Catering to seniors a good bet for business
Updated: 2014-05-02 11:03
By Zheng Jinran (China Daily)
"We provide the good news and hold regular interactions with them; thus the continuing success of the newspaper is assured," he said.
Tu Xin, 78, one of Happy Maturity's loyal readers, said he anticipates the coming of Mondays and Thursdays, when each new issue arrives.
"Some old news and stories can be found, which triggers my memories for the old time," said Tu, who lives in Changsha, adding that his own love story was published, and that issue is a special treasure for him and his wife.
Wu Yongjun, a 37-year-old reporter in Jiangxi province, also reads the paper and said its health-oriented content fits the needs of seniors. Its considerate editing is also well-received, Wu said.
Public applause for the newspaper has been welcome, not only for what it provides in the way of food for thought but also for its tailored services.
The newspaper's expansion plans include the launch of a website and magazine, an online shop to provide selected products and a travel agency catering exclusively to seniors.
Many products aimed at seniors have been successful, Tu said, citing a nail clipper with a magnifying glass as an example.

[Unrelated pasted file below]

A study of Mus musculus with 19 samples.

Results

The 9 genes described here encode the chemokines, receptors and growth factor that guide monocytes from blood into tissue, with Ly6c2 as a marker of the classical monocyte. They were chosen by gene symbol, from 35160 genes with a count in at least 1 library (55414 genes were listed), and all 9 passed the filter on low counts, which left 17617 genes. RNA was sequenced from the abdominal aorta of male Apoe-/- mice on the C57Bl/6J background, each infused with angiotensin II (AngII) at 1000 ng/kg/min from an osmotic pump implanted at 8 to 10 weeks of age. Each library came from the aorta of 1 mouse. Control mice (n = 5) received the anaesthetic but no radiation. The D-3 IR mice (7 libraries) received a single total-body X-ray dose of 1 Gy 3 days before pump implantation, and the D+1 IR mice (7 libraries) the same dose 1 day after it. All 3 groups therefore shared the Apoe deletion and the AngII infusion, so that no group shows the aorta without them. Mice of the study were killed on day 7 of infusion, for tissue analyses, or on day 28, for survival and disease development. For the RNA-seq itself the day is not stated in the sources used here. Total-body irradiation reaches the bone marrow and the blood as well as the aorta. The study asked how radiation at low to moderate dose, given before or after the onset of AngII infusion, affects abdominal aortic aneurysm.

"It's small and cheap, but for the seniors who usually have poor eyesight it's quite necessary," Tu said, adding that it has been a hot item at the online shop.
Sales at the online shop, which was launched in April 2013, have exceed 2 million yuan, said Yi Hua, who oversees its management.
Happy Maturity plans to expand its current industrial cluster containing the newspaper and other services to a listed company with revenue of 1 billion yuan within five years.
The plan may be achievable in light of China's aging demographics.
By the end of 2012, the older population - aged 60 and over - reached 194 million, accounting for 14.3 percent of the 1.34 billion total in China. The group will continue to grow, exceeding 200 million - or 14.8 percent of the population - in 2013, according to projections released by the China National Committee on Aging, the official authority in charge of aging issues in China.
Market demand from senior residents reached 1 trillion yuan in 2010, a figure that will grow to 5 trillion yuan in 2050. However, the products and services provided to seniors account for less than 100 billion yuan currently, far from enough to satisfying the coming demand, the committee said.